Associated Press

Giancarlo Stanton makes catch in stands in first game back

3 Comments

The Yankees won last night. It was a big win, as it came against the Rays, the team which they are currently battling for the division lead. The game featured homers from Edwin Encarnación and Cameron Maybin, each of whom were picked up after the season began — Encarnación just this past week — helping the Yankees overcome the massive number of injuries they sustained and which most people reasonably expected would derail them.

Yet, here they are, not derailed. What’s more, one of the most significant of the injured players — Giancarlo Stanton — came back last night after a nearly three-month layoff. Between that and the win and the homers from the newcomers and everything, you’d think the news coming off the New York presses this morning would be uniformly happy.

Nah: one of the tabloids is running a column about how worrisome it was that Stanton went 0-for-4. Never change, New York. Never change.

As a minor corrective, let us note that, despite the undoubtable harbinger of doom and sorrow that is a rusty player taking an o’fer in his first game back in months, Stanton made a nifty play in the outfield, ranging to the wall and reaching into the stands to snag a pop foul. He did it in wet conditions too. Watch:

 

If you’re the sort of person who really wants to focus on the negative, remember, baseball is a game of constant failure, so there’s a good chance Stanton won’t have a great night at the plate again tonight. Until then, I apologize for presenting this bit of positivity.

Nationals’ starting pitching carrying them into World Series

Michael Reaves/Getty Images
Leave a comment

In my postseason preview at the end of September, I listed the Nationals’ starting rotation as a strength and their bullpen as a weakness. Anyone who had followed the club this season could have told you that. Even the Nats are aware of it as manager Dave Martinez has leaned on his rotation to hide his sometimes unreliable ‘pen.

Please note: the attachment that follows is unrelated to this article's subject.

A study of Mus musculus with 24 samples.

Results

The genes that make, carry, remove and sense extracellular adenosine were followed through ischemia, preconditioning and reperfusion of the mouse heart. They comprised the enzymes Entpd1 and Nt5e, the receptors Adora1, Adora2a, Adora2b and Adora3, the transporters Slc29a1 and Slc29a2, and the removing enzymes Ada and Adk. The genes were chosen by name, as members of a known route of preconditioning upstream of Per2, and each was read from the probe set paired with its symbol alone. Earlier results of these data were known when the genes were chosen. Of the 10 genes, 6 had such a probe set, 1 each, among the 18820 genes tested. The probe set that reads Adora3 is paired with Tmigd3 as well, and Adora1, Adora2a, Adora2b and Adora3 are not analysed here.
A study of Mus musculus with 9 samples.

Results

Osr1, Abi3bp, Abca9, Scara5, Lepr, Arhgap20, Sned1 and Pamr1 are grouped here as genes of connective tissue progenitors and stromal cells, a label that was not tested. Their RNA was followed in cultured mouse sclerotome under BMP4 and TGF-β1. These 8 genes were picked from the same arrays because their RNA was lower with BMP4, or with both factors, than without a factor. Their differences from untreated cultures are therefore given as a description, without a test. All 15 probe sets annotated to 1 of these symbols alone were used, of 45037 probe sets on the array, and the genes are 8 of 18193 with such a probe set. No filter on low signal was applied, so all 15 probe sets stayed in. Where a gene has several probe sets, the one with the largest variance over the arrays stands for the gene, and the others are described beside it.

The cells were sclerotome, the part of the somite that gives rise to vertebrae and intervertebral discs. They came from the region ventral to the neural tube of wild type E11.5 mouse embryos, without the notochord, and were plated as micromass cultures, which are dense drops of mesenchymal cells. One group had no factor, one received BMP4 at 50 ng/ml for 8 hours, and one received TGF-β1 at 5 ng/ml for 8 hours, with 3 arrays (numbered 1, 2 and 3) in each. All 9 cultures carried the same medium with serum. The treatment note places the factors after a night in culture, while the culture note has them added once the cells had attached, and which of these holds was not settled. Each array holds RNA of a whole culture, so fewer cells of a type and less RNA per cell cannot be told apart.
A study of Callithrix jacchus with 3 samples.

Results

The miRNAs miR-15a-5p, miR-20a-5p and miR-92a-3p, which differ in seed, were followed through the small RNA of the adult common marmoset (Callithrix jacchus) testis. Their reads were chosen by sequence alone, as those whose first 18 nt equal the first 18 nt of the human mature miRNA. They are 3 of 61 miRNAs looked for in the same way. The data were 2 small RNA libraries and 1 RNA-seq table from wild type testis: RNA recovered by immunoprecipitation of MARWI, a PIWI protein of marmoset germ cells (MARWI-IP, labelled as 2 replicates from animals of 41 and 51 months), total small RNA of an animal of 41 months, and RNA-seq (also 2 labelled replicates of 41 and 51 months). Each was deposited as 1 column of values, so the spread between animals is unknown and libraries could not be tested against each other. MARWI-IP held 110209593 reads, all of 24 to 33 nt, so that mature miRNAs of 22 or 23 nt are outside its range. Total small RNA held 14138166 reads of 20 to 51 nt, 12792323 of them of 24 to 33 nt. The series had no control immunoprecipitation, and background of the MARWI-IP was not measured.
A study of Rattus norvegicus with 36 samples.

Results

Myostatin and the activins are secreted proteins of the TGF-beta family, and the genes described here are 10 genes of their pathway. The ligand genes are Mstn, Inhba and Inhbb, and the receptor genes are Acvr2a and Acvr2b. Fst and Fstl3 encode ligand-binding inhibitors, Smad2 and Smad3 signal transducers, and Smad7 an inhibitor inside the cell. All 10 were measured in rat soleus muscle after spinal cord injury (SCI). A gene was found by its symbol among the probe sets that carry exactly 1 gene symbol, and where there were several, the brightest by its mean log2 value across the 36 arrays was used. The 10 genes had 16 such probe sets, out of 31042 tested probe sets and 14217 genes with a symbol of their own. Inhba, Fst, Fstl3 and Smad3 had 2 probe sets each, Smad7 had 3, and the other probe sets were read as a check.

In Game 1 of the NLDS against the Dodgers, Martinez was burned by his bullpen as Tanner Rainey, Fernando Rodney, and Hunter Strickland combined to allow six base runners and four runs. Martinez used ace Max Scherzer in relief in Game 2, sandwiched by Sean Doolittle and Daniel Hudson. Starter Patrick Corbin pitched in relief in Game 3 and it backfired, but the bullpen after Corbin continued to allow more runs — three officially, but Wander Suero allowed two inherited runners to score on a three-run homer by Max Muncy. Martinez only had to rely on Doolittle and Hudson in Game 4 and he again went to Corbin in relief in Game 5.

The strategy was clear: use the actual bullpen as little as possible. If Martinez absolutely has to, Doolittle and Hudson get top priory by a country mile, followed by a starter, then the rest of the bullpen.

Thankfully for Martinez and the Nationals, the starting pitching has done yeoman’s work in the NLCS, jumping out to a three games to none series lead over the Cardinals. Aníbal Sánchez famously brought a no-hit bid into the eighth inning of Game 1, finally relenting a two-out single to José Martínez before his night was over. Doolittle got the final four outs in the 2-0 win. Max Scherzer flirted with a no-hitter in his Game 2 start as well, losing it when Paul Goldschmidt led off the seventh with a single. He was erased on an inning-ending double play. Doolittle, Corbin, and Hudson got the final six outs in the 3-1 victory.

It was more of the same in Game 3. While Stephen Strasburg didn’t flirt with a no-hitter, he was dominant over seven innings, yielding one unearned run on seven hits with no walks and 12 strikeouts. The Nats’ offense woke up, amassing eight runs through seven innings which allowed Martinez to give his main relief guys a night off. Rodney and Rainey each pitched a perfect inning of relief with two strikeouts in low-leverage situations, their first appearances in the NLCS.

The Nationals starting pitching has been outstanding by itself, but it has also had the secondary effect of allowing Martinez to hide his team’s biggest weakness. Now Martinez just has to hope for more of the same for one more game, then at least four more in the World Series.